Will Kentucky become the next Colorado or Washington and gather millions of dollars in sales for legalizing marijuana? Colorado and Washington have found success with legalizing marijuana for recreational use, and now it appears that Kentucky is following their lead.
WHAS 11 was one of the first to report the breaking news story on December 11, and they state that "Kentucky Senator Perry B. Clark (D-Louisville) pre-filed an act that would legalize and regulate cannabis in a similar way the Bluegrass State handles alcohol."
Unlike similarly proposed laws in the past, Senator Clark is calling Kentucky's new marijuana legalization law the "Cannabis Freedom Act."
Kentucky is not the only state besides Colorado or Washington to consider marijuana legalization for recreational use, and the Cannabis Freedom Act has been in the making for a while. Interestingly, one of the biggest supporters of marijuana legalization is Kentucky's newly elected Republican governor, Matt Bevins.
Reason points out that legalizing marijuana might have been the "wrinkle" that caused Matt Bevins to get elected in Kentucky over Lieutenant Governor, Jack Conway.
About the debates between the gubernatorial nominees, High Times reported from Eastern Kentucky University at the end of October and paraphrased Jack Conway's anti-marijuana statement with the following.
"[By] providing a legal market there will be more of an opportunity for the drug to fall into the hands of children and turn them into 'a lost generation' of reckless dope fiends."Although Governor Matt Bevins is a recent addition to the marijuana legalization struggle in Kentucky, the issue has been active in several communities within the state for several years.
This especially became apparent when the bordering state of Ohio recently went through their own marijuana legalization voting. In the case of Ohio, however, the voting was to legalize marijuana for recreational and medical use (but the vote did not pass).
According to Cincinnati Enquirer, Northern Kentucky citizens started advocating to make marijuana legal in the Bluegrass State with groups like KY4MM (Kentuckians for Medical Marijuana). Part of the group's message is that, in addition to other problems, Kentucky's opiate-addiction issues could be addressed by legalizing marijuana.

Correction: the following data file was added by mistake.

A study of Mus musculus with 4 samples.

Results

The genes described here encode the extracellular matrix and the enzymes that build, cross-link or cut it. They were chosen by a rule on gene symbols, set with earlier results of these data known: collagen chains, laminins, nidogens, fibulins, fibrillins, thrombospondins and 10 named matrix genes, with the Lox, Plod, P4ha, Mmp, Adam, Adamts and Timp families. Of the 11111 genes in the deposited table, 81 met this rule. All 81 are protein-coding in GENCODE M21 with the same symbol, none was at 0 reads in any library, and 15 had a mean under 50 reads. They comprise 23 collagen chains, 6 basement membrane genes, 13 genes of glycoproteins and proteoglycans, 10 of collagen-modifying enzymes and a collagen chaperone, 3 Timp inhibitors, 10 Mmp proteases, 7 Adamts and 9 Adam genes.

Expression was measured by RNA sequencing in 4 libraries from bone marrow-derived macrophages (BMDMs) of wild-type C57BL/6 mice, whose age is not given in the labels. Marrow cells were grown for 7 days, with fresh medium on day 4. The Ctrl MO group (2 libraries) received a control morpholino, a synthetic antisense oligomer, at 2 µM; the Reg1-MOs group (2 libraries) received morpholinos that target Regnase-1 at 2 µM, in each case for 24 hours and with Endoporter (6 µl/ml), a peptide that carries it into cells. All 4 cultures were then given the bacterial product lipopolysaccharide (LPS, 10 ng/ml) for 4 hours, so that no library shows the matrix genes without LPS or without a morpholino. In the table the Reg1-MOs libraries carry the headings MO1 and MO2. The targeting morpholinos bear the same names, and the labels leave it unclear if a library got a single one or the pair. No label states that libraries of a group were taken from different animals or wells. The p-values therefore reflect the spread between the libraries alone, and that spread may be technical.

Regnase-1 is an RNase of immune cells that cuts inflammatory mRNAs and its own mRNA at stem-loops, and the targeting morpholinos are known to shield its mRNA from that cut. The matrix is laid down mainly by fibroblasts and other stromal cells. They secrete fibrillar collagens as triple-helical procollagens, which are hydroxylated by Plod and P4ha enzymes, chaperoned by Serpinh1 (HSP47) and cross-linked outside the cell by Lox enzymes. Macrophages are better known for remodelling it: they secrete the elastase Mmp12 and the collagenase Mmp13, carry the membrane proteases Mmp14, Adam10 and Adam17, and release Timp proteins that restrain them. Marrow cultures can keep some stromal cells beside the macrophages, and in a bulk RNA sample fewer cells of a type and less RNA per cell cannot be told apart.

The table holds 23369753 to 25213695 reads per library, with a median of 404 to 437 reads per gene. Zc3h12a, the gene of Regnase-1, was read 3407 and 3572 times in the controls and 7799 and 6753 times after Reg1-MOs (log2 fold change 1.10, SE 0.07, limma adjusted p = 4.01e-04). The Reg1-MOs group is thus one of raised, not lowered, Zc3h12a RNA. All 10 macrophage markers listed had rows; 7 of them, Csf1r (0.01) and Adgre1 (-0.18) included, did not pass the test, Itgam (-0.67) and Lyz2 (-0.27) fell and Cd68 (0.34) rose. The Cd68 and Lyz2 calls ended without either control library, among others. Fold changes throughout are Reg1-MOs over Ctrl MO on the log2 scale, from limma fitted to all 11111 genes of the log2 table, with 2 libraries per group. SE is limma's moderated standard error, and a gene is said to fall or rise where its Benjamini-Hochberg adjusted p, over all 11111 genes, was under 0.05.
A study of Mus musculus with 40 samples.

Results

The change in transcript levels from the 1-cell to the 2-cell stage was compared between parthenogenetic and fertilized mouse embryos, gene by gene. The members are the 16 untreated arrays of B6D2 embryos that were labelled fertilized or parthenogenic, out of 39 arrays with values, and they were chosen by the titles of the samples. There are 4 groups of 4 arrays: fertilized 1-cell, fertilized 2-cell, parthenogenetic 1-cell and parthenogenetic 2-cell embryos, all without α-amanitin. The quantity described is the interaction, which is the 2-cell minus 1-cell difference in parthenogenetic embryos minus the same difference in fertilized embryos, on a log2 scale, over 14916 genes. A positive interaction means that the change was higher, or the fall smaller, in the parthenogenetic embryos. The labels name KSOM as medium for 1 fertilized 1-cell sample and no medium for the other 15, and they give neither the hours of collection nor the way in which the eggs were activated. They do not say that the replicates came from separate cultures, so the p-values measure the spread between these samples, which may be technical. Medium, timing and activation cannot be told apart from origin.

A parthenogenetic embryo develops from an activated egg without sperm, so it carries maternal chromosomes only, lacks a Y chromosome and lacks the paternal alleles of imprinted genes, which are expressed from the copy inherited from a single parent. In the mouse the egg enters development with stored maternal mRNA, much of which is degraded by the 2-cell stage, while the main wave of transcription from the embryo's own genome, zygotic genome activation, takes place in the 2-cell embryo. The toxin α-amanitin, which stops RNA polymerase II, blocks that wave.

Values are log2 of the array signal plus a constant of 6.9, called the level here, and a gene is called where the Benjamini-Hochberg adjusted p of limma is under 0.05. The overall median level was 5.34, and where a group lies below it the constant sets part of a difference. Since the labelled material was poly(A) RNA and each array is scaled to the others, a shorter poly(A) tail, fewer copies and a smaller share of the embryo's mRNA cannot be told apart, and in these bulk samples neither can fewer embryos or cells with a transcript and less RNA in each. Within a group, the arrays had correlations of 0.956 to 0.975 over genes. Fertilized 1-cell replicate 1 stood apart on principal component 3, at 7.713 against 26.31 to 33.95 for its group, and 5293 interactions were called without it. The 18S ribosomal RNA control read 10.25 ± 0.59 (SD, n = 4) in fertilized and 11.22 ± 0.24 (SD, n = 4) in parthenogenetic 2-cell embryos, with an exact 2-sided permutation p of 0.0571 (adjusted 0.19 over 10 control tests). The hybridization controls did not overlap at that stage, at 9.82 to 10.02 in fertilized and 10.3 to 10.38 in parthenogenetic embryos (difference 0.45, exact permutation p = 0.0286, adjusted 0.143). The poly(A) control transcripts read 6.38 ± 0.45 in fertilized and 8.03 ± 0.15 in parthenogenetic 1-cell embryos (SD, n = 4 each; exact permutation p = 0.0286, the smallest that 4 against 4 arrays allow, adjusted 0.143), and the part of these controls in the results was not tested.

Cincinnati Enquirer also points out that Kentucky lawmakers have tried to legalize marijuana in the past and state the following.
"Last year, Kentucky Representative Greg Stumbo, speaker of the House of Representatives, introduced a medical marijuana bill. It never passed committee. And in 2014, Senator Perry Clark, D-Louisville, introduced a bill that would let Kentuckians use medical marijuana with a doctor's recommendation. The bill also died."Despite failures of the past, many Kentuckians remain firm that marijuana legalization is an act of mercy. WAVE 3 interviewed an Owensboro, Kentucky, woman advocating for marijuana legalization laws for her own health problems. In addition to autoimmune disease, the woman was taking over 20 medications -- and using marijuana to improve her quality-of-life due to medication side effects.
Although there is always a chance that Kentucky's medical legalization attempt will fail once again -- this time around there is an extra layer of intrigue. Perhaps, unlike the past, the current marijuana legalization attempt in Kentucky will be sweetened by the marijuana industry itself.
The Daily Independent claims that the marijuana industry has been encouraging at least one Kentucky Republican politician to consider what marijuana legalization for recreational use could mean for the state. In particular, Senator Rand Paul received the maximum $5,000 for donations to his election campaign from the Marijuana Policy Project.
In the end, while the marijuana legalization act in Kentucky might be advocated by those seeking compassionate use for medical issues -- increasing Kentucky's tax revenues may be a tempting option to keep elected officials in office.
Unlike past years, the current Kentucky government has turned a significant budget surplus of over $165 million dollars, according to WFPL. Nevertheless, the Washington Times corrected this figure to $46 million after Kentucky's road repairs were taken into consideration.
How much money could Kentucky expect from marijuana legalization taxes? According to Bloomberg, Colorado collected $66 million in tax dollars the first year marijuana was legalized.
Naturally, like Colorado, Kentucky plans to use a lot of this potential marijuana legalization revenue to promote education. According to LEX 18, Senator Clark recently stated that the Cannabis Freedom Act would generate funds "to increase SEEK funding for Kentucky's public schools" as well as scholarships for Kentucky students.
If Kentucky does begin the process to legalize marijuana, the public will know within a month. This bill will be considered during the first 2016 Kentucky Legislative session which will convene on Tuesday, January 5.